Students in the Hall County School District will continue learning from home through Jan. 15 due to increased COVID-19 absences in Hall County team members.
The school district originally announced that the shift to learning from home would impact the first week of class following winter break, but this plan was extended by a week Thursday afternoon, according to a press release from the district.
The release states there were 170 COVID-19 related absences among Hall County team members as of Wednesday. The district also reports 170 to 190 adult absences per day that are non-COVID-19 related, according to the release.
“As a result, the district does not have the capacity to safely and effectively support the number of students currently enrolled for in-person instruction,” the release reads.
The number of people willing to substitute teach is also declining, according to the release. The number of positive cases of COVID-19 and quarantines among team members is also increasing.
Aside from classroom personnel, 15 to 20 bus drivers are absent per day on average due to COVID-19, and the pool of substitute drivers is limited. The release states other essential team members, such as those from technology, school nutrition and custodial services are also affected.
“We have said from day one that our biggest challenge in managing COVID-19 would not be spread among students in our buildings; but rather, would we have enough adults present to hold school and effectively deliver instruction,” the release reads.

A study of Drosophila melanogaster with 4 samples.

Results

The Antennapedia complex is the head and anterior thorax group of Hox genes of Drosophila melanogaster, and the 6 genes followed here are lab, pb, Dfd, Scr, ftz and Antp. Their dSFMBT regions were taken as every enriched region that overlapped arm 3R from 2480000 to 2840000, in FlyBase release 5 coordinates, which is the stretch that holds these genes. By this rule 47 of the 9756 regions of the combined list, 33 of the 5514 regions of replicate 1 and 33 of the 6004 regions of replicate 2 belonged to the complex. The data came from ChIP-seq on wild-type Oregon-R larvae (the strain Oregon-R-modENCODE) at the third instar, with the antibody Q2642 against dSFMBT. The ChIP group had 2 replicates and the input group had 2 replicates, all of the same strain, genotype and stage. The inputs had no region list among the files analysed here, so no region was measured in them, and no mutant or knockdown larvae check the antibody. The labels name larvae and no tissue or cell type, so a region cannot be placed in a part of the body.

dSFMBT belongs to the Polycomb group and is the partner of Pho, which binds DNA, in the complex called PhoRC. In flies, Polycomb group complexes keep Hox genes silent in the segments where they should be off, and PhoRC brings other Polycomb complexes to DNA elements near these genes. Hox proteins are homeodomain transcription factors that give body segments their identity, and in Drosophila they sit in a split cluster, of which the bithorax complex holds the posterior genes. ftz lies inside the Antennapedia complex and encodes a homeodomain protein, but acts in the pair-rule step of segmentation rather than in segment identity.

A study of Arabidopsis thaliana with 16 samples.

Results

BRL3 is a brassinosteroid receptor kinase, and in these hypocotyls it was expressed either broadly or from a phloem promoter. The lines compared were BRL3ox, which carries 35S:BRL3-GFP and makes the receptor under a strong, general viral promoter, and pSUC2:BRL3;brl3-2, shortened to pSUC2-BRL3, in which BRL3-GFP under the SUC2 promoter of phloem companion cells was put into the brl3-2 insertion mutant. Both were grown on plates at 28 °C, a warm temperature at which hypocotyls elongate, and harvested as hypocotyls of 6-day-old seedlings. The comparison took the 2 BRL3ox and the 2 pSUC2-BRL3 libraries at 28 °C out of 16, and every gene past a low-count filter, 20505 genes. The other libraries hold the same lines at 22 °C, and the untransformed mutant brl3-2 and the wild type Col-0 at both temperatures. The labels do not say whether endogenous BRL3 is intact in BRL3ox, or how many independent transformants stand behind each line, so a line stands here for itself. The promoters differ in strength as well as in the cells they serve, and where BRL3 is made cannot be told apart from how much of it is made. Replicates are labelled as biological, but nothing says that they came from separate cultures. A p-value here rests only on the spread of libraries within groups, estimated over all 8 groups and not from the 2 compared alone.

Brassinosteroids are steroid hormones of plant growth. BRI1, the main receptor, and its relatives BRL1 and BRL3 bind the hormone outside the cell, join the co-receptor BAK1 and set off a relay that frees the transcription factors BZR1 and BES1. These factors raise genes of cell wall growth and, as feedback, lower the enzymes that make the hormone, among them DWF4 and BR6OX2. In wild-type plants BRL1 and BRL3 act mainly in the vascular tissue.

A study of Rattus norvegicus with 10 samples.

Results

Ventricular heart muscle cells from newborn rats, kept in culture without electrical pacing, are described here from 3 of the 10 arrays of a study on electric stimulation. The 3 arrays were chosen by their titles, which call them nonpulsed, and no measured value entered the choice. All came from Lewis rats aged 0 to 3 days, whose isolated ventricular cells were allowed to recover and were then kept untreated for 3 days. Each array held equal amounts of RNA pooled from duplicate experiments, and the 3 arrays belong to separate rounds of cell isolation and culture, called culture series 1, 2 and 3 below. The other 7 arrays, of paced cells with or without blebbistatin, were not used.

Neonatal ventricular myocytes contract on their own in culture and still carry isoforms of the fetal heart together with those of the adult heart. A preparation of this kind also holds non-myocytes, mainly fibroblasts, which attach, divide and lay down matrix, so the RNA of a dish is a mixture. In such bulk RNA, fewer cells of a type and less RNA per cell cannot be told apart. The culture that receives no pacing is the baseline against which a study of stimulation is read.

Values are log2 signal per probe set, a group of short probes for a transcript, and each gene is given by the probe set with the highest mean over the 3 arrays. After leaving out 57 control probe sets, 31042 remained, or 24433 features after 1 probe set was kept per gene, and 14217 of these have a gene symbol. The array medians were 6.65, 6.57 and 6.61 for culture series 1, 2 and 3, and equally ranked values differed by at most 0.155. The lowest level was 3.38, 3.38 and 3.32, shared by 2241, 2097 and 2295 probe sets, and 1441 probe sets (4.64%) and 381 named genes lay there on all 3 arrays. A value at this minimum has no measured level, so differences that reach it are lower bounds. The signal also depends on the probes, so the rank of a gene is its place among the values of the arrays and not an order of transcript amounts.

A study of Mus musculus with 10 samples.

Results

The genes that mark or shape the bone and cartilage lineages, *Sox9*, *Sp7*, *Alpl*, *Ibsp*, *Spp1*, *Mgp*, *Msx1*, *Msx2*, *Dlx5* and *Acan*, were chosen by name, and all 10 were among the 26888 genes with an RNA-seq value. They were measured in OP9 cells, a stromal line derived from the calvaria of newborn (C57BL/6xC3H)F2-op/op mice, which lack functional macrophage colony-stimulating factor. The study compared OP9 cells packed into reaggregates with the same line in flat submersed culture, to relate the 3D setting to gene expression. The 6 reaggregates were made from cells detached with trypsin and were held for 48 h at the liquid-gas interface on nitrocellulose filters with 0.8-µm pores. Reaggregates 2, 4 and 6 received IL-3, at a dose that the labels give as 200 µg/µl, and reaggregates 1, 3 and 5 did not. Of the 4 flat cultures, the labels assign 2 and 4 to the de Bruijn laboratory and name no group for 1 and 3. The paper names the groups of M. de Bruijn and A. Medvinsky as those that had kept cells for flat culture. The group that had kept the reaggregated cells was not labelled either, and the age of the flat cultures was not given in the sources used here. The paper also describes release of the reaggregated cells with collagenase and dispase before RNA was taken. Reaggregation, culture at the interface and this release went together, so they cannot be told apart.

The release cites protecting the health of the community and supporting the local healthcare system as another reason for the extension. As of Thursday, 340 patients with COVID-19 were being treated at Northeast Georgia Health System hospitals and long-term care facilities. Seven ICU beds were available in the system as of Thursday.
The district will continue to monitor its internal numbers and will consult with local health officials. The district will notify parents and stakeholders by the end of the day on Thursday, Jan. 14 regarding the plans for instruction following the MLK holiday, according to the release.
Once the district returns to in-person instruction, they will spend a limited number of days following a hybrid A/B schedule to introduce 200 percent accountability and mitigation measures.
“We thank you for your patience and flexibility during this pandemic. We will continue to strive to support the learning of all students under these challenging circumstances, and we are committed to the health and well-being of the Hall County community,” the release reads.